Paul Burkett wants to show that Karl Marx is not an anti-ecological figure. Marx and Nature is an interpretation of Marx and Engels’ own work on the subjects of class struggle, nature, and communism, functioning as an exploration of the ecological possibilities contained in Marx as well as an apologetic defence. As a starting gesture, I will say that this book will only be worthwhile to you if you are already invested in this debate and have some working knowledge of both Marx’s more significant texts and, maybe, some of the criticisms that have been levelled by ecologists against Marx’s communist ideas. If you are a Green activist or leftist who is just interested in the historical question of how well Red and Green approaches to politics have mixed since the nineteenth century, this will not satisfy your curiosity. Rather, it is an almost purely textual and abstract consideration of the problem.
Before moving into more detail, we should consider just how valuable a purely abstract consideration of Marx’s relationship to ecology might be to us. By treating Marx’s ideas as more or less self-contained and present in our own time, Burkett opens up possibilities for his investigation but also closes some off. As he does in this book, he can try to prove that Marx’s theories are not, in themselves, anti-ecological. By pushing the concrete history of 20th century Marxism to one side, he can try to reclaim an ecological dimension of Marx that remains uncultivated or ignored. On the other hand, he forbids himself the opportunity to examine why anti-ecological tendencies flourished among those claiming fidelity to Marxism for so long. He can point to pro-ecological possibilities in Marx, but cannot definitively establish why, in reality, those possibilities lay fallow and tendencies from the early 20th century to present-day “luxury communists” and accelerationists could grow while upholding many of the same basic tenets of Marx’s thought. So the value of the book’s high level of abstraction is that it can answer theoretical questions more precisely and show, perhaps, how Marx can contribute to present-day ecological struggles while relegating anti-ecological Marxisms and Marxists to a shadowy dimension beyond the text.
With that established, we only need to put down a few more points about the book to show how it both succeeds and fails to fulfill its initial promise:
1. Burkett is able to articulate why Marx is not an unalloyed anti-ecological thinker. He does this in a sensible way: recalling that, for Marx, both nonhuman natural processes and human labour are part of the same class of natural forces. Decisively refuting the idea of a pure nature, he notes how both Earth’s resources and human bodies become the playthings of capital, little sandboxes that can be reshaped or dug out to its heart’s content. Likewise, he successfully argues that Marx’s vision of the full development of human life under communism is not a consumerist fantasy. Rather, it contains a live possibility for the rational socialization of natural resources. Burkett’s Marxism is one that is not blindly industrialist or dismissive of traditional or indigenous knowledge systems and governing practices.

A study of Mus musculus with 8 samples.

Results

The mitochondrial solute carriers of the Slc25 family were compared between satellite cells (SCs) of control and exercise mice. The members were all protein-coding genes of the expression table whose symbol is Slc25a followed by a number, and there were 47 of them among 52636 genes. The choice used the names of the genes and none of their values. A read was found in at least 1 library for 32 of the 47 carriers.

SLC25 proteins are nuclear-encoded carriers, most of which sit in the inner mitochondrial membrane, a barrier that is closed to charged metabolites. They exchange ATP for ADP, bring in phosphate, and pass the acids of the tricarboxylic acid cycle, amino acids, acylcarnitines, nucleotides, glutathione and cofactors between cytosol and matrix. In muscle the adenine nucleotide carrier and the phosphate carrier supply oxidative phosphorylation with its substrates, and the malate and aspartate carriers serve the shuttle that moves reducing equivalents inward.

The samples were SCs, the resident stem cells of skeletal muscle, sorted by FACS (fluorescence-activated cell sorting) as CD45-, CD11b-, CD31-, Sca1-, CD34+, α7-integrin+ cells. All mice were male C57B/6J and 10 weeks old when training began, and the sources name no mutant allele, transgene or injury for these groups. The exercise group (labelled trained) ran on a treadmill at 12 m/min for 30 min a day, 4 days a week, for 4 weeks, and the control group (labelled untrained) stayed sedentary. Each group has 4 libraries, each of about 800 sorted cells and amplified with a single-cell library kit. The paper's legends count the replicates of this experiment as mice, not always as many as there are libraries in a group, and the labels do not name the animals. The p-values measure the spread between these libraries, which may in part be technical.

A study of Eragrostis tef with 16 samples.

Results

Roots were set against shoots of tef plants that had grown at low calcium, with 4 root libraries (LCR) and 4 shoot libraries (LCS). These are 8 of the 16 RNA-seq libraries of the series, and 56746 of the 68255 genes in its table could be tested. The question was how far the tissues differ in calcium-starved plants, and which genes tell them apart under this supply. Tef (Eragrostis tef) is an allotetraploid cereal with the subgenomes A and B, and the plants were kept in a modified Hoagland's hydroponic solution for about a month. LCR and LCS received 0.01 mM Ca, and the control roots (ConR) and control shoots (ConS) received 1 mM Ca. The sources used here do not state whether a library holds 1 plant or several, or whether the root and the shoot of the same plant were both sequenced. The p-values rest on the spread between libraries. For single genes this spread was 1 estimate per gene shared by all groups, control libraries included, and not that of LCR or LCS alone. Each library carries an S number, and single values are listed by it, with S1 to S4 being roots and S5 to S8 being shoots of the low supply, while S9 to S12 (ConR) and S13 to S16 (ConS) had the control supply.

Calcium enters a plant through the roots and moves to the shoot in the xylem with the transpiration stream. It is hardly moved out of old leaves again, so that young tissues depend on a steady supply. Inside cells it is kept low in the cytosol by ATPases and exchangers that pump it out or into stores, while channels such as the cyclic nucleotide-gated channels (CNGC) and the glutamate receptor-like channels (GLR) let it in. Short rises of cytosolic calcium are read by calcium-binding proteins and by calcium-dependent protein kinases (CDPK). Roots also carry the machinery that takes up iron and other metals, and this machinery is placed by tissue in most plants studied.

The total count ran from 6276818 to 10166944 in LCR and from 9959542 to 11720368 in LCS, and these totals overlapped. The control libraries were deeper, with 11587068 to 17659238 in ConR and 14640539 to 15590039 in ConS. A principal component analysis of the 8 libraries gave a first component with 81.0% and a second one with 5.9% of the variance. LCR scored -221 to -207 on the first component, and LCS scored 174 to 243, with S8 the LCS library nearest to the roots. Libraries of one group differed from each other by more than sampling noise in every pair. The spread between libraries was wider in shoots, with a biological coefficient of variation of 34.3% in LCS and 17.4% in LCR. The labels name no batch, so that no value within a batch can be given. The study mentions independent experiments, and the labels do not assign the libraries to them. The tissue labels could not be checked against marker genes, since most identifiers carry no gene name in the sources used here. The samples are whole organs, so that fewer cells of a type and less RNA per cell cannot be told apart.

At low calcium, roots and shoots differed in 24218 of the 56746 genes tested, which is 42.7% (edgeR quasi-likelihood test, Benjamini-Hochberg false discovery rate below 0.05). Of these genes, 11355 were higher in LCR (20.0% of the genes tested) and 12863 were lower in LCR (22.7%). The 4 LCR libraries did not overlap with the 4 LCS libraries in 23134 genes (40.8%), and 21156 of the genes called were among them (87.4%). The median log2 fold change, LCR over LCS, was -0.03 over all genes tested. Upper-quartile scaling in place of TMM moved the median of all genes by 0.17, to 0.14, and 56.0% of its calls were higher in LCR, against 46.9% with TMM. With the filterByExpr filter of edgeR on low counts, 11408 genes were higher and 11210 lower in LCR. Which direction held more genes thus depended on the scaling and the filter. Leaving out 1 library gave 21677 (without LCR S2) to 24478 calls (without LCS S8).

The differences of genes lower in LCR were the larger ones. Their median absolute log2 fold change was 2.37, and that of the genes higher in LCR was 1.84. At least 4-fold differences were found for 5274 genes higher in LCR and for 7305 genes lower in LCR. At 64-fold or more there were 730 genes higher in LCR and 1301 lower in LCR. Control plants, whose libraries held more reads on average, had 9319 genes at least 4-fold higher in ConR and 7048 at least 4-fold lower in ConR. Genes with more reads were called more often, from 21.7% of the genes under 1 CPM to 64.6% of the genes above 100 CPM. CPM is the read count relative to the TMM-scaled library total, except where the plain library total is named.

2. In later chapters, drawing not just on Marx but also on thinkers like Antonio Negri, Harry Cleaver, David Harvey, and André Gorz, Burkett shows how workers’ struggles cannot and should not remain in the realm of wage negotiations. They must press for the establishment of a more rational and democratic management of society, including socialized nature. Class struggle can, he argues, be articulated broadly to mean the advancement of all workers’ interests as a whole, including their interest in preserving nature.
3. Yet, I would argue, Burkett’s book can only prove that Marx is not anti-ecological to the bones. He cannot prove that Marx, brought into the realm of Green politics, is necessarily pro-ecological. This would be a foolish argument since many if not most appropriations of Marx have been anti-ecological or at least ignorant of core environmental problems. A politicized or governing working class––the associated producers, as Marx names them––is not necessarily pro-ecological, and would, as Burkett wisely notes, require a shift into political values that concord with the flourishing of all living and nonliving processes. So although Burkett can give Red a place at the Green table, he does not prove that Red is always Green, and certainly not that Green must always be Red to be effective. Put another way, it remains for other books to try to make the argument that Marx and the entire tradition of thought he initiated is essential to a Green movement or a Green society. Perhaps, at this stage of history, that argument is impossible to make and requires a drastic shift in our current political situation to judge properly.
Revolution and ecological politics are not necessarily friendly to each other. We know this from hard-won experience. However, Burkett’s book, despite its limitations, is certainly valuable within a certain niche. It is, if nothing else, an intelligent and timely intervention within the study of Marx and how useful this nineteenth century might be to a time fraught with signs that life on Earth cannot continue to flourish much longer under the reigning capitalist system.